I have long been convinced that the only way to fight religious extremism, and protect basic liberties, is to work towards a properly secular and democratic society, in which freedom of religious practice and expression (within the law) is safeguarded.
I was spurred on to join the NSS by the torrent of attacks on secularism by Baroness Warsi amongst many others, and by the Pope's poisonous and mendacious claim that Nazi Germany was the result of atheism.
Michael, Scottish Borders
The General Principles of the NSS very accurately represent my outlook. Religious beliefs are valid and appropriate when held and practised privately, but if you use your beliefs to justify your actions, you must be prepared to justify your beliefs.
I feel proud my membership money will go towards future successes in the fight for a fair and secular future for all.
It's all very well suggesting Islamic faith schools are potentially damaging children, but the only way to solve this problem is to leave all religion out of education and legislation. I'm not anti-religion, but I am against giving any religion a free ride.
My motivations for joining include faith schools, bishops in the House of Lords, religious intolerance towards women and minorities, any situation where the pious are given more respect or airtime than others, and people holding discriminatory views on religious grounds remaining influential.
Children can be segregated and discriminated against according to their parents' religion when it comes to school admissions. This worries me immensely. I am not looking forward to letting my children be taught superstition and myths as truth or separating them from their friends. The NSS is all we have to take on the might of these tax-exempt organisations given free access to our children by the state.
Unacceptable- 26 bishops are able to influence legislation which will directly affect me - for no other reason than they are connected to the established church.
I joined the NSS because I sense that those who promote religious observance are becoming more strident, and I believe we need a stronger voice in opposition.
The privilege provided to religion within our society is intolerable. Secularism is being cynically attacked to preserve the status quo, and withdrawing religious privilege regarded as persecution. My local MP defends religious schools as he feels he has the right to send his children to a school with a Christian ethos – some local parents cannot find a non-religious school and have to fight for their children's rights. The NSS is effectively working to address these inequalities.
On many secular issues, atheists and many theists have common interests. By working together on these issues, voices will be louder. While I am no longer religious, I absolutely support people's right to religious freedom.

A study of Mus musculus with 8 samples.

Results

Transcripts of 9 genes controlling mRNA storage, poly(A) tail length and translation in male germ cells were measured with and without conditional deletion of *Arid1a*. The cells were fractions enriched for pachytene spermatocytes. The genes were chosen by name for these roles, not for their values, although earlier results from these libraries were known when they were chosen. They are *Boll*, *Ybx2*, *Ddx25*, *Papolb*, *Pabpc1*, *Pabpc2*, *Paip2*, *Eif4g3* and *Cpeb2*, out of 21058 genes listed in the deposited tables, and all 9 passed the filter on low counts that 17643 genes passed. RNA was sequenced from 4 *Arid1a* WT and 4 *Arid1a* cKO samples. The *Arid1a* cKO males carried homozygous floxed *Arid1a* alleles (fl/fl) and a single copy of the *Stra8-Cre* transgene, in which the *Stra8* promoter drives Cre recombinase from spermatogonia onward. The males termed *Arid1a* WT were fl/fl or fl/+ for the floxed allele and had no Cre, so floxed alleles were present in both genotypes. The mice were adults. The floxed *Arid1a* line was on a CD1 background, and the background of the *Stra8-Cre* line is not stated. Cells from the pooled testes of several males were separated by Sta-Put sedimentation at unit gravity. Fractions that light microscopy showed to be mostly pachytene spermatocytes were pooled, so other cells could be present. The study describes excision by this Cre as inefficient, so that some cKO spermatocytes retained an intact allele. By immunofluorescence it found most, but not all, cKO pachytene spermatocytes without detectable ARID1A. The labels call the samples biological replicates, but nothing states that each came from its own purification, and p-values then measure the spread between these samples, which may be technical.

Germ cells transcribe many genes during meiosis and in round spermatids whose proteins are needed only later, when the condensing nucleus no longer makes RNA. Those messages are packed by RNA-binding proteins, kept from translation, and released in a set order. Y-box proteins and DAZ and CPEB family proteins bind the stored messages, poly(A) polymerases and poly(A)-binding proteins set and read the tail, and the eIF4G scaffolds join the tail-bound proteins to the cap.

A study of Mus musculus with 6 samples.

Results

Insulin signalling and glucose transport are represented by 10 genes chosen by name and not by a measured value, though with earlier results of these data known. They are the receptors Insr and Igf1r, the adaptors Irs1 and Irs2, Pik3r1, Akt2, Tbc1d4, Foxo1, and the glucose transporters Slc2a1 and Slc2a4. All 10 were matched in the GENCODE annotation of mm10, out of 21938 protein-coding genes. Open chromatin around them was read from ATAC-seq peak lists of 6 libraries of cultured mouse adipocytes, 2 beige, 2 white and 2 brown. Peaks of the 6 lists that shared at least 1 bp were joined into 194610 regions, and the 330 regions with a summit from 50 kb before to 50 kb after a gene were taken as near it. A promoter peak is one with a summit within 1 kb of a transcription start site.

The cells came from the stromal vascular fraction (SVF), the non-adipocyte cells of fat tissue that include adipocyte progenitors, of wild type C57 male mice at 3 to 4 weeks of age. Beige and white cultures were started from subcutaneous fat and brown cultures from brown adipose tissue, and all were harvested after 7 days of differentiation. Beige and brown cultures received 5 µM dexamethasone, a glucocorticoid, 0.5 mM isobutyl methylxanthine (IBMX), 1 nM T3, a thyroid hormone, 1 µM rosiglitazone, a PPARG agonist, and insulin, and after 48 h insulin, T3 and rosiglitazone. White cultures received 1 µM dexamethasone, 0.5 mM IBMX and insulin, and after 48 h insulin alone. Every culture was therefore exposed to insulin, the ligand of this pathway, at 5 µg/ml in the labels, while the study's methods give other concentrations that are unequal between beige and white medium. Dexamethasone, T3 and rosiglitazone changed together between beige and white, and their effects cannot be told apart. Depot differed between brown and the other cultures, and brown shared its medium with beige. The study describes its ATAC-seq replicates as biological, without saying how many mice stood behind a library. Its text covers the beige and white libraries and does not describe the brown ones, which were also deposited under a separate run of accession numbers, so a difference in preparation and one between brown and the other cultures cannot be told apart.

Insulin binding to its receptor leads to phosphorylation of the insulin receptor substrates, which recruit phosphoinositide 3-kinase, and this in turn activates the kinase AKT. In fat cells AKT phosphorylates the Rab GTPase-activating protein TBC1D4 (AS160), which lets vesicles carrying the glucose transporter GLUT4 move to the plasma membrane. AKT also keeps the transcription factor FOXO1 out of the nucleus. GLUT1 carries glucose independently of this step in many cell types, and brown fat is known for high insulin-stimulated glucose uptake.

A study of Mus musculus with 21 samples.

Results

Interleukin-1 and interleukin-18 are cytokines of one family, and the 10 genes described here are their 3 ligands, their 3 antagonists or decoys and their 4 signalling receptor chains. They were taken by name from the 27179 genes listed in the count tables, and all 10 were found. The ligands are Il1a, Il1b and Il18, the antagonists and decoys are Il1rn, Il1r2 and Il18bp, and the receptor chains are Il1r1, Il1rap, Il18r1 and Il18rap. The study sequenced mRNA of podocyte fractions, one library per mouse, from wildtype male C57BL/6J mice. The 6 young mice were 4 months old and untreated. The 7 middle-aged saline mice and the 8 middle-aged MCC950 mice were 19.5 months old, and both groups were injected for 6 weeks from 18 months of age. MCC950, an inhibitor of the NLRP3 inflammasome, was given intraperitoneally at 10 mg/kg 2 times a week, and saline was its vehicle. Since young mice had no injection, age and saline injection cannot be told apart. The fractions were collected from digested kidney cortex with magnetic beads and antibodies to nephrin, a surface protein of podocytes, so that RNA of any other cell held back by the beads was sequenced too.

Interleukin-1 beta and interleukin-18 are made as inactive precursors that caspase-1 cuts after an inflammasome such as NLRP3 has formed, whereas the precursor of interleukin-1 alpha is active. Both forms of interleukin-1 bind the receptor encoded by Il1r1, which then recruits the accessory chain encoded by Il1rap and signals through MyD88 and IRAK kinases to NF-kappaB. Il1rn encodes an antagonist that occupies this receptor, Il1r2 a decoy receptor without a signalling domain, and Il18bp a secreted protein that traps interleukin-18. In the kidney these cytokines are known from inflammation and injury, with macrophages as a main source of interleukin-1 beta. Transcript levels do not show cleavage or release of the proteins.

Having moved to the UK from America I found it difficult to get my daughter pulled out of compulsory worship in her school. The NSS helped me every step of the way and was supportive and knowledgeable. Thank you.
I am opposed to faith based schools on principle. The government promotes tribalism, the single greatest threat to our future. Many other threats can be solved if we work together and not against each other.
I am angry about faith schools, free schools, and ridiculous 'faith' based views pervading education, including Sex Education.
"I believe in people's freedom to practise whatever religion they wish,provided it never interferes with the legal system and policy making, in vital services such as education, health. I support any action challenging religious organisations' campaigns to manipulate laws and services. I hope that my membership is enough to make a valid contribution to this important cause."
Religious views should not be impressed upon others. We should not have religion involved in dictating law, meddling in politics and education.
The highly divisive policy of "faith" schools supported by the majority of politicians from both the coalition and the Labour Party motivated me to join the NSS. We need a secular education system.
John, Tyne & Wear
I joined the NSS because I believe in religious freedom and freedom from religion. I want Britain to be a forward-thinking, fair and rational place to live for everyone and for future generations.
What prompted me to join was simply that I had had enough of religious organisations establishing themselves as being above criticism. That it is not possible to criticise religious practices without being told that you are being offensive scares me.
The redacting of exam questions and the scandal of gender separation at British Universities convinced me to join the NSS, standing up for rationalism, and civilised behaviour, unafraid to stick its head above the parapet and expose hypocrites, religious zealots and apologists
"As a medical student, what concerns me most is NHS funding for hospital chaplains."
I feel secularism is a cause for which I can be politically and publicly active. Ultimately it's about removing the archaic rights given to religions to infringe my liberty.
Nicklas, Haywards Heath
"I am angry with what I view as the permitted brainwashing of children within our education system. Myself and my wife joined the NSS to help protect children from adults with religious and faith based agendas."
I have come to appreciate that the NSS is often a lone voice of rationality in the wilderness that is dominated by religious dogma, bigotry and political manipulation.
Marcus, Milford Haven
I was delighted Ofqual had investigated the inexcusable redacting of exam questions, had ruled in favour of children's education, and the key role the NSS played in this outcome.